Registration for the Fifth International Volvox Conference, July 26-29 in Tokyo, is now open!
As David Kirk pointed out, what we normally call the First through Fourth International Volvox Meetings are really about the fifth through eighth, as they were preceded by several meetings in the ’70s. The very first meeting was hosted by David and Marilyn Kirk at Washington University in St. Louis. Richard Starr, then at Indiana University, reported on the meeting in the first Volvox Newsletter (Dr. Starr would later move to the University of Texas, and his strains would form the beginning of the UTEX Culture Collection, which is still in operation).
The Fifth International Volvox Conference will be July 26-29, 2019 at the University of Tokyo Hongo campus. For past meetings, generous support from organizations such as the American Genetic Association, the Company of Biologists, Wellcome Trust, and the Phycological Society of America has allowed the organizing committee to award travel fellowships to students and postdocs. It’s not yet clear if that will be the case for next year’s meeting.
Stephanie Höhn has helpfully put together a list of outside travel grants available to students and/or postdocs, along with their deadlines and membership requirements:
After last week’s sad news that one of the founding fathers of Volvox research, David Kirk, had passed away, I thought it would be relevant to repost a message he sent a couple of years ago. The modern series of Volvox meetings started in 2011 in Arizona, and we’ve been calling them the First through Fourth International Volvox Conferences, with the Fifth scheduled for July 26-29, 2019. Dr. Kirk wrote in with some interesting historical insight about Volvox meetings that long preceded the current series:
I got an email out of the blue from David Kirk, and I thought some of it would be of interest. Dr. Kirk is one of the biggest names in Volvox research: he carried out much of the developmental genetics that forms the foundation of our field, he literally wrote the book on Volvox evo-devo, and my impression is that most of the PIs currently studying Volvox spent time in his lab as students and postdocs.
The email was prompted by the meeting review from the 2015 meeting in Cambridge (he liked it, whew! :-D), and he said that he’s looking forward to the 2017 meeting in St. Louis. The email also had a footnote with some interesting information, which I quote here with Dr. Kirk’s permission:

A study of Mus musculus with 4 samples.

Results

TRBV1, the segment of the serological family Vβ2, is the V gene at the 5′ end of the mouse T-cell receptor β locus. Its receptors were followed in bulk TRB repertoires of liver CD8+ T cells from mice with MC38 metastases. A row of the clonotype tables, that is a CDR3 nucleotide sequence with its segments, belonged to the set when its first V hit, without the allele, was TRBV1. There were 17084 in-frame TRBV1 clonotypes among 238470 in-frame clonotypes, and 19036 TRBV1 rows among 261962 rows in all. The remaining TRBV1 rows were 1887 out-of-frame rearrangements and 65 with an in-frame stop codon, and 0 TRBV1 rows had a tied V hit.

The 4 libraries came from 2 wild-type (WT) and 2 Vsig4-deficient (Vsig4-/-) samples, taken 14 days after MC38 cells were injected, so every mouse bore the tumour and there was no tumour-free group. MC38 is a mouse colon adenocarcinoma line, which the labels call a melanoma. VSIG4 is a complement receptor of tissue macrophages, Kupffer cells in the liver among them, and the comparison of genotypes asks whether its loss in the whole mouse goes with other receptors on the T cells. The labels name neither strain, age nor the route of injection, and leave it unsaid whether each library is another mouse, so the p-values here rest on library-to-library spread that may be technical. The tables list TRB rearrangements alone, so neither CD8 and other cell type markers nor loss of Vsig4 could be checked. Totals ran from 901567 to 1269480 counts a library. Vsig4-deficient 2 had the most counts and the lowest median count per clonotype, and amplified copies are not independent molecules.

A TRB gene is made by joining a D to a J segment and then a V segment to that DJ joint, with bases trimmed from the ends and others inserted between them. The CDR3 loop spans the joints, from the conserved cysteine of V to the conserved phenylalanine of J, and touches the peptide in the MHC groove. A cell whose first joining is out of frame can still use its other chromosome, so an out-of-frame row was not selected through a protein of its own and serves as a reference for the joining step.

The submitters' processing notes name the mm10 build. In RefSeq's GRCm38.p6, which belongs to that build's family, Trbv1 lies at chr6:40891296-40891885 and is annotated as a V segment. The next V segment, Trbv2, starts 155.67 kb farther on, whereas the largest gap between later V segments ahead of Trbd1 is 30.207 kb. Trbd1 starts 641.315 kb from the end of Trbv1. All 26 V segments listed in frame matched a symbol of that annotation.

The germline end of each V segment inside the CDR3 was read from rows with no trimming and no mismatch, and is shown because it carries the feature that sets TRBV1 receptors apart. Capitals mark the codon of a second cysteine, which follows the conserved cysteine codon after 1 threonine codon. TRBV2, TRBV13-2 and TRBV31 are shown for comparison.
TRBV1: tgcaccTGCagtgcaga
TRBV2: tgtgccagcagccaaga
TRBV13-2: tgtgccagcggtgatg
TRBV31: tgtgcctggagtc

There’s not much more to say: if you’re planning to go to the 18th International Conference on the Cell and Molecular Biology of Chlamydomonas, you’d better get your ducks in a row. Registration and abstract submission end Saturday, May 26.
Last month, I attended the Fourth Annual LAMP Symposium, “Religious and Scientific Perspectives on the Future of Life” at Emory University (LAMP is the Georgia Tech/Emory Leadership and Multifaith Program). The talks were an interesting mix, including some straight-up science, some thoughtful discussions of the interactions between science and religion, and a bit of absolute pseudo-profound bullshit.
The website for the 18th International Conference on the Cell and Molecular Biology of Chlamydomonas is live at www.chlamy2018.com/. The meeting will be at the Carnegie Institution for Science in Washington, DC June 17-21, 2018. Abstract submission is open, with submissions due by May 26, 2018.
Friday 26 July 2019
Registration and welcoming reception and poster set up.
Saturday 27 July 2019
Oral session and Poster session
Sunday 28 July 2019
Monday 29 July 2019
One day and/or half day trips to Volvox-field collection/algal culture collection at NIES etc. (not determined).